While watching Wonder Woman as a family the other day, we came to the part when Diana and Steve Trevor go up to her room after dancing. I heard my ten-year old son say under his breath, “Well, they’re making babies!”. I chose to take a mental note and bring it up to my husband later. After talking about it we agreed that it was probably time to have a serious conversation about his statement.
As a nurse and a mom, I have been preparing for the “birds and bees” talk for what feels like, well, at least 10 years. I personally feel it is crucial to prepare our children ahead of time for the inevitable situation they will find themselves in – hopefully in the very distant future.
It’s uncomfortable- especially if you are someone who is not at ease when discussing anatomy and sex.
Being anatomically appropriate and correct should start from an early age. As a medical professional, I have heard people call their privates all kinds of strange names from “punani” to “dingus”, just to name a few. It is what it is, no shame in using the right terminology. If you are guilty of nicknaming your genitals, use this time to correct yourself.
Getting to the point can be difficult.
Because of the nature of this conversation, it can be easy to “dance” around the subject. I suggest you get a general idea of what they already know or heard from friends (yes, they are already talking about it!). Now is a good time to dispel myths and clear things up.
Don’t forget to talk about “grey area” sex.
By “grey area” I mean oral, touching, and anything else that is sexual in nature. Just because the word sex is not involved, does not mean that you get to skip this part of the conversation.
Consent is a key part of “the talk”.
Kids should be learning about consent long before this. For example, we teach them they cannot take toys from others without asking for permission. Same concept here. No means no.
Don’t assume that your precious Johnny or Suzie will never be in this situation. In fact, you should assume that they will be!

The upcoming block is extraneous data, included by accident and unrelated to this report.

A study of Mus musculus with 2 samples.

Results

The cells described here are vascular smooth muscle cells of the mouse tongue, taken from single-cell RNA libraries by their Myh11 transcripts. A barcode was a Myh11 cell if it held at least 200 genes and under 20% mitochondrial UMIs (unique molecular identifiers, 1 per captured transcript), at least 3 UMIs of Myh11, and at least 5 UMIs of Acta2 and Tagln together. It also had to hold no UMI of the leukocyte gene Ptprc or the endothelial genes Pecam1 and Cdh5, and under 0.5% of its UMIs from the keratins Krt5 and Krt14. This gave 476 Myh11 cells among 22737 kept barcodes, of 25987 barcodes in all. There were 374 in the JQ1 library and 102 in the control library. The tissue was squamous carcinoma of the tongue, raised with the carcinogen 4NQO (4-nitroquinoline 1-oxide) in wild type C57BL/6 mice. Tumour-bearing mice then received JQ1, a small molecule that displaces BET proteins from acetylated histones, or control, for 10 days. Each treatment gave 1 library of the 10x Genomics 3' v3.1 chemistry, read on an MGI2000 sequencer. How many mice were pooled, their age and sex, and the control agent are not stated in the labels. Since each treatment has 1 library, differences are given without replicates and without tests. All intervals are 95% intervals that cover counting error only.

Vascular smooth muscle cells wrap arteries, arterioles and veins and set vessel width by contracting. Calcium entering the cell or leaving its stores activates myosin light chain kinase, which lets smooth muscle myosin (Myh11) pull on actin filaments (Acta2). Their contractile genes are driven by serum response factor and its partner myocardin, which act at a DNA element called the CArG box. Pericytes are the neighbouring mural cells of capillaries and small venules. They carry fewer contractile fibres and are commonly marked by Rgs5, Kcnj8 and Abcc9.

Include sexually transmitted infections (STI’s) in your talk.
The nurse in me would be remiss if I did not mention STI’s. Did you know that half of all new STI’s are acquired by people ages 15-24? STI’s can be transferred many ways, not just sex and some of them can even lead to infertility. Use this time to educate your child.
Just because you tell your kid not to have sex, it does not mean they will not do it… Shocking, I know! I realize the topic is touchy, but I would hate it if my kids did not have all the facts. Also, condoms prevent some STI’s.
This is not a “one and done” conversation.
This is a complex subject that, in my opinion, requires follow-up. The first time your child hears all this they may be sitting at the edge of the chair, coming out of their skin from embarrassment. To ensure that what you have discussed actually sticks, you will need to continue the conversation.
You do not need to talk about all of the things I mentioned at once. I have saved the “grey area”, STI’s, and protection part for another time, when he is older. I know that I cannot be there every time he has to make a choice, so I take solace in knowing I have armed him with the facts to make a good one.